Composer. Delightful little creature.
Director absent-mindedly paging through the red script. There is much natural charm in her. He pages through the script. I like cleverness. That’s the best-tasting cleverness, that which exists within foolish little women. He pages through the script. But a foolish women’s cleverness tastes sweet as a peach.
Composer. There’s something in that.
Director. Yes, yes. Life is strange indeed. Daydreaming he leans back in his chair and slowly shreds the red script into tiny pieces, scattering them in the wastepaper basket.
Composer. Well, then, we remain as we are.
Director. Just so. We remain as we are.
The servant enters, and without a word takes Szeniczey’s part from under the lamp and carries it out.
Director. The weather is fine.
Composer. Yes. The sun is shining. It’s warm.
Director. At least eighteen degrees Celsius.
Composer. You reckon in Celsius?
Director. Yes. I am a pessimist.
Composer. I like the Réaumur scale better.
Director. They say it’s not bad.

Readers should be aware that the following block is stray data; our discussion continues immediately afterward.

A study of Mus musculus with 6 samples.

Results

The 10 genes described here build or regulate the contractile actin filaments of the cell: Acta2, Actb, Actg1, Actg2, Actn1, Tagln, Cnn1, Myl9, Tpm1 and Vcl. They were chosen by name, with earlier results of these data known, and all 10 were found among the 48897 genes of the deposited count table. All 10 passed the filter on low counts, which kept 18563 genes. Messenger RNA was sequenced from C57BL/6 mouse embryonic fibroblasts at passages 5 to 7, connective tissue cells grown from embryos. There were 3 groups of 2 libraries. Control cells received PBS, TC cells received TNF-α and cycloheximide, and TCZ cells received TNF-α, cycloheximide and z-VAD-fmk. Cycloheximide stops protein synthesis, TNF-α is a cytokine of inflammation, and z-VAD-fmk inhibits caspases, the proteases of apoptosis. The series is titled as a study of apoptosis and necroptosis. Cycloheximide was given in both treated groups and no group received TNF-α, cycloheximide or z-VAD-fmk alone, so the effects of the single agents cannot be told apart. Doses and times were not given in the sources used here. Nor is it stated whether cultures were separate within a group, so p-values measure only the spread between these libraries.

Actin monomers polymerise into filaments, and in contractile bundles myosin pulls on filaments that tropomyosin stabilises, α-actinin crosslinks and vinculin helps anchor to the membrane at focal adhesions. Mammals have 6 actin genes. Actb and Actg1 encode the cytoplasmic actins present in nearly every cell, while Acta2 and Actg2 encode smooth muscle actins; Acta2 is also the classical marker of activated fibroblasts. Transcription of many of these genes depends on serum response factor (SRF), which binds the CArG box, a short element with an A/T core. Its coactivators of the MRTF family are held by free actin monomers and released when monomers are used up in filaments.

Composer rising. Well then … au revoir, Director.
Director in confusion, among his papers. Au revoir.
The composer departs.
Director notices the parasol, which Ilonka forgot. He opens it. The parasol is full of holes. He looks at it smiling, and shakes his head. Softly, he says to himself: Darling … darling …
I think I averaged around 400 words per day. At that rate, it would take about six months to make a rough translation of a novel, and perhaps half again or twice as long to make a polished version. I probably couldn’t sustain this level of effort for a whole year, but, on the other hand, practice might very well make the work easier and even increase my daily production. I’ll have to see how the next project, which will probably be another short Molnár play, goes. I probably won’t start before May, at the earliest.